Multi-instrumentalist, electroacoustician, composer and artistic director of Décor Sonore, Michel Risse sees the city as a place of invention for his sound compositions. He draws on the sonorities, resonances and harmonies of the natural and industrial elements that make up our daily urban lives to offer us a new way of listening to the world. These singular creations offer a new perception of our sound environment and reinvent our relationship with music.
Born in Algeria in the second half of the twentieth century, he began playing music on a small harmonica he discovered in an attic at the age of 4, as well as on his mother’s piano, which, it is said, fell (the piano, not his mother) in the port of Marseille; this piano, now beyond repair, became a marvellous terrain for sonic adventures, a “prepared piano” in total ignorance of John cage, far richer and more surprising than the dull, sadly tuned piano of his teacher.
He also builds guitars of sorts out of shoeboxes and rubber bands, before taking over his sister’s guitar (the guitar, not the shoe), and ends up destroying the little tape recorder his father brought home, trying so hard to turn it into an instrument (the tape recorder, not his father).
But it was at secondary school that the prospect of making music all his life (and making music all his life) became obvious. First with a folk-rock band in which he played percussion and guitar, then with an express school reorientation to obtain a music baccalaureate which led him to the percussion class at the Strasbourg Conservatoire. The immediate proximity of the Théâtre National and the Ecole d’Architecture encouraged cross-fertilisation, encounters and a wide range of experiences, and he soon had the opportunity to take part in stage music recordings, shows, happenings and exhibitions.It was in 1973 that he composed his first “sound decors”, electroacoustic compositions on magnetic tape, not intended to be heard in concert, for the exhibitions of his friend, the photographer Alain Willaume.He interrupted his studies in literature to work as a drummer in a dance band, and it was during a long tour of Morocco that he was introduced to the rhythms of the Gnaouas and Ahuaches, questioned the European methods of learning music and art in general, and finally began to play jazz properly.On his return to France, he settled in Paris, resumed his music studies at Paris 8 – Vincennes and continued his musical experience in the company of artists as diverse as the group Herbe Rouge, Moondog, Vince Taylor, Angel Parra, Hélène Martin, le Grand Or and others.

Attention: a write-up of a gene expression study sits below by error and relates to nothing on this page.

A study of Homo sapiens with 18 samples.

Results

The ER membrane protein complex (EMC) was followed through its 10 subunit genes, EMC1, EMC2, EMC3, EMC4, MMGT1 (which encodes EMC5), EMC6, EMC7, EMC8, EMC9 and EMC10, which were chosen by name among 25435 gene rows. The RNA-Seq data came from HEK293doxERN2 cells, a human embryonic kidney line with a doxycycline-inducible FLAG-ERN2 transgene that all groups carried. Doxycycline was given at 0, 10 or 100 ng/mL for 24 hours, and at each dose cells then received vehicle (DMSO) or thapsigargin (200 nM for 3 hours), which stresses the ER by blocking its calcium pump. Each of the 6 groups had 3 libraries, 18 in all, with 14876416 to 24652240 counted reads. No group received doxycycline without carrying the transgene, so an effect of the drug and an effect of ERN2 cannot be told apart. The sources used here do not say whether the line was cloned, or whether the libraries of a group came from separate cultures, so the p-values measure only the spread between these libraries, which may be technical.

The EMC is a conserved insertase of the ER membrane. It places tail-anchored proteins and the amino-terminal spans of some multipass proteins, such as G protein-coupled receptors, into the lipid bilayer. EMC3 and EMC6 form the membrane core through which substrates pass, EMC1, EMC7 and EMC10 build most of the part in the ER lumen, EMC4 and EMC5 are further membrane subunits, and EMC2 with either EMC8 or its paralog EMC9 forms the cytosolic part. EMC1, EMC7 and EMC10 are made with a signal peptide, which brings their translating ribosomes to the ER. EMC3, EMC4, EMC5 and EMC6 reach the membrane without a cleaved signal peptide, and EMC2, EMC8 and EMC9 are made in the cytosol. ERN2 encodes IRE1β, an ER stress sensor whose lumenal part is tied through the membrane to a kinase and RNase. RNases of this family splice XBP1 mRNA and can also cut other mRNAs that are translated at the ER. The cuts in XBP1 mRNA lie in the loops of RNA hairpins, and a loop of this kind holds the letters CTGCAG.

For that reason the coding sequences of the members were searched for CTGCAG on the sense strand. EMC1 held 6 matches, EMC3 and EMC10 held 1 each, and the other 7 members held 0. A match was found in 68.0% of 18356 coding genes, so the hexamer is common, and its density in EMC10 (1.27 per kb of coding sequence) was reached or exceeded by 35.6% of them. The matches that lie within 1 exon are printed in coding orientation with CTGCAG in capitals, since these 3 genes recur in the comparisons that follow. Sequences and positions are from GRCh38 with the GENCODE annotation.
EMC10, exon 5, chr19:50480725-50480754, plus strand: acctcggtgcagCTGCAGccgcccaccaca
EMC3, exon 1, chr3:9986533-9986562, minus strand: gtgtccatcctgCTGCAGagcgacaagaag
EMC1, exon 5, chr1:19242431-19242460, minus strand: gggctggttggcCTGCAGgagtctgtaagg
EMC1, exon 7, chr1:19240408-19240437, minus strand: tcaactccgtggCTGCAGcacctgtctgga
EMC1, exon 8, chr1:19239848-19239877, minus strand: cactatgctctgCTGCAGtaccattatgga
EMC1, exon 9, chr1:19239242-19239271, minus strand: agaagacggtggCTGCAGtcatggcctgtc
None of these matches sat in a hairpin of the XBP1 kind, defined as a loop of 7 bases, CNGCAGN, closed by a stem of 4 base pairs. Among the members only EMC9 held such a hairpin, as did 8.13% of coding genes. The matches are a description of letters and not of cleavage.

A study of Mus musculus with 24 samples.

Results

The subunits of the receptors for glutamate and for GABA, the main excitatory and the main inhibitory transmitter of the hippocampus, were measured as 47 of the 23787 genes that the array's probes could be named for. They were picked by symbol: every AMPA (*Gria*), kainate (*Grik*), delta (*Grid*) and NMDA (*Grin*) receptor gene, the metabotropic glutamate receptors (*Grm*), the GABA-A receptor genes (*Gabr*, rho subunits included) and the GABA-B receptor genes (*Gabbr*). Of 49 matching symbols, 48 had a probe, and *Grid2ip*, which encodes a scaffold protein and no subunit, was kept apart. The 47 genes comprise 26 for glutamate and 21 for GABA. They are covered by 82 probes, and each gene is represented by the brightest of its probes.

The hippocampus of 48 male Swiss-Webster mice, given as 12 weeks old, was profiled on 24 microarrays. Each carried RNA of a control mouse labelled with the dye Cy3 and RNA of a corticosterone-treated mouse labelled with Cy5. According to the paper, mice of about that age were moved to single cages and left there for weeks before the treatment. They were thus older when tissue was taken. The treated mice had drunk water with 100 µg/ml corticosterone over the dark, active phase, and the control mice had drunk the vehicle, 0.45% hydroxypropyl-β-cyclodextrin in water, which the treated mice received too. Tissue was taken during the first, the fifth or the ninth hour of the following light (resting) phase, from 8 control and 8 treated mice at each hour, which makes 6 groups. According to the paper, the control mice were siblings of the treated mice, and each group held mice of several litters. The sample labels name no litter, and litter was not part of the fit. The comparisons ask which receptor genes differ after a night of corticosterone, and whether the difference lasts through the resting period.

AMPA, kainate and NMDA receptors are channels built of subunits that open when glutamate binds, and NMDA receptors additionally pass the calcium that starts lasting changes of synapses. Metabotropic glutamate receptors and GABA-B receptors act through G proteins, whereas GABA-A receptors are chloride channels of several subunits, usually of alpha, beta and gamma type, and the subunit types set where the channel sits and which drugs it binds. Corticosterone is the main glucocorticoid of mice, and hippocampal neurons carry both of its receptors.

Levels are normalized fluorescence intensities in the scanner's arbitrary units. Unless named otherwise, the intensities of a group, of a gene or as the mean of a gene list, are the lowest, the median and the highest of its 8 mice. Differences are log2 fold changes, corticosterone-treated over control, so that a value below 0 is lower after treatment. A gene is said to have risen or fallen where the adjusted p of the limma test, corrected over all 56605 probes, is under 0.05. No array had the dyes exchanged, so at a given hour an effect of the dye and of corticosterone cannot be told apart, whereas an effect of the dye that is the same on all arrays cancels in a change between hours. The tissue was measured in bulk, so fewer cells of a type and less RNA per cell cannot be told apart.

“If our soundscape can now be considered a landscape, then how can we describe the urban soundscape?
A wasteland? A field? A forest? A rubbish dump?
And instead of abandoning this public space to industrialists and advertisers, shouldn’t we entrust it, at least a little, to artists?
So I’m abandoning the panoply of the composer in favour of that of the landscape gardener, and even of the gardener, an acoustic gardener; who would take care of the landscape with his tools as musician, acoustician, instrument maker, composer, of course, but also as a surveyor of streets, squares, public spaces, and of the public themselves, in other words with infinite precautions, always and first of all listening to what was there before me.”